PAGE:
Senate Votes to End Ethanol Credit
America has an energy problem. It also has a fiscal deficit problem. Some would say, it has a corporate welfare problem. Recently, it has had a commodity price problem, as well. Yesterday’s vote in the Senate to end a tax credit for companies that blend ethanol with gasoline appears as though it may, in a small way, indicate a willingness in Washington to address at least some of those problems.
The measure had wide support (73-27) with even some farm state Senators voting to end a tax credit of 45 cents per gallon. The Government Accountability Office, according to a Los Angeles Times report, concluded the tax credit was no longer needed because legislation passed in 2005 required ethanol to be blended with gasoline.
“I think we’re looking at everything now,” Sen. Mike Johanns (R-NE), told Politico. “Trying to figure out what to do with the budget has caused us all to come to grips with some things we’ve supported in the past.”
Sen. Dianne Feinstein (D-CA) who co-sponsored the measure with Tom Coburn (R-OK), told Politico, “I think the days of large subsidies like this are really over, and this is kind of the first vote on it.”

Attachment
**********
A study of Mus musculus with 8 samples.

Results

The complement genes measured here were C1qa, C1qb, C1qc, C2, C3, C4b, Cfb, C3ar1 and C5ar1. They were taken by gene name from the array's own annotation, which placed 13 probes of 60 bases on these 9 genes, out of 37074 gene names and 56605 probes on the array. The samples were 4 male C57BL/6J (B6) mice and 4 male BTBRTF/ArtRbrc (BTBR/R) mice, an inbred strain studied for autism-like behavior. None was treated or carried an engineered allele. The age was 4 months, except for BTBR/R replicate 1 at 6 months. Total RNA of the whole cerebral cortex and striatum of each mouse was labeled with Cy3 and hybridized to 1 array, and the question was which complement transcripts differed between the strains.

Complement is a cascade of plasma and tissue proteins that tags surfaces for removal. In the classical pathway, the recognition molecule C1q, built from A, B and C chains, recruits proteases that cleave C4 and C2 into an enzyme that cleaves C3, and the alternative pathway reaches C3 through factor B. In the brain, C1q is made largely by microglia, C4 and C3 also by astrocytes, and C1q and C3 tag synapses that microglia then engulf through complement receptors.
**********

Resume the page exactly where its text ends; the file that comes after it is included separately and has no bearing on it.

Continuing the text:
The action in the Senate does not mean passage of the bill is a sure thing. The measure would still need to be debated and passed in the House and Senators from farm states have already introduced compromise legislation in the body that could alter its final form.
Regardless of what happens in the end, yesterday’s action had an immediate effect on commodities where the price of corn and wheat fell to their lowest levels in three months. An end to the ethanol subsidy would likely decrease the need for corn for fuel purposes leaving more on the market for other, lower paying uses such as feed for livestock.
“It’s getting a lot of pressure,” Jonathan Barratt, managing director at Commodity Broking Services Pty., told Bloomberg News. “We’re expecting further losses for the grain sector.”
According to Bloomberg, global demand for corn has increased 20 percent over the last five year as subsidies and tax incentives have boosted ethanol production. Thirty-eight percent of domestic corn production was designated for use in ethanol, according to the U.S. Department of Agriculture.
The Grocery Manufacturers Association (GMA) applauded the action by the Senate and an amendment in the House of Representatives that would end federal subsidies of corn ethanol.
“With corn prices at record levels, these votes convincingly show that the tide has turned against using food for fuel and that Americans want responsible energy policy solutions that do not pit our nation’s energy needs against food security for millions of families,” said Pamela Bailey, president and CEO of GMA.
- Ethanol vote fuels subsidy doubts – Politico
- Corn Slumps to Three-Month Low on Concern Ethanol Use May Slow – Bloomberg News/Bloomberg Businessweek
- Senate votes to eliminate ethanol tax credit – Los Angeles Times
- GMA Applauds Senate, House Votes to Cut Federal Support for Misguided Food to Fuel Policies – Grocery Manufacturers Association
Discussion Questions: How will the end of ethanol subsidies, if that happens, affect the retail industry in the short and longer terms?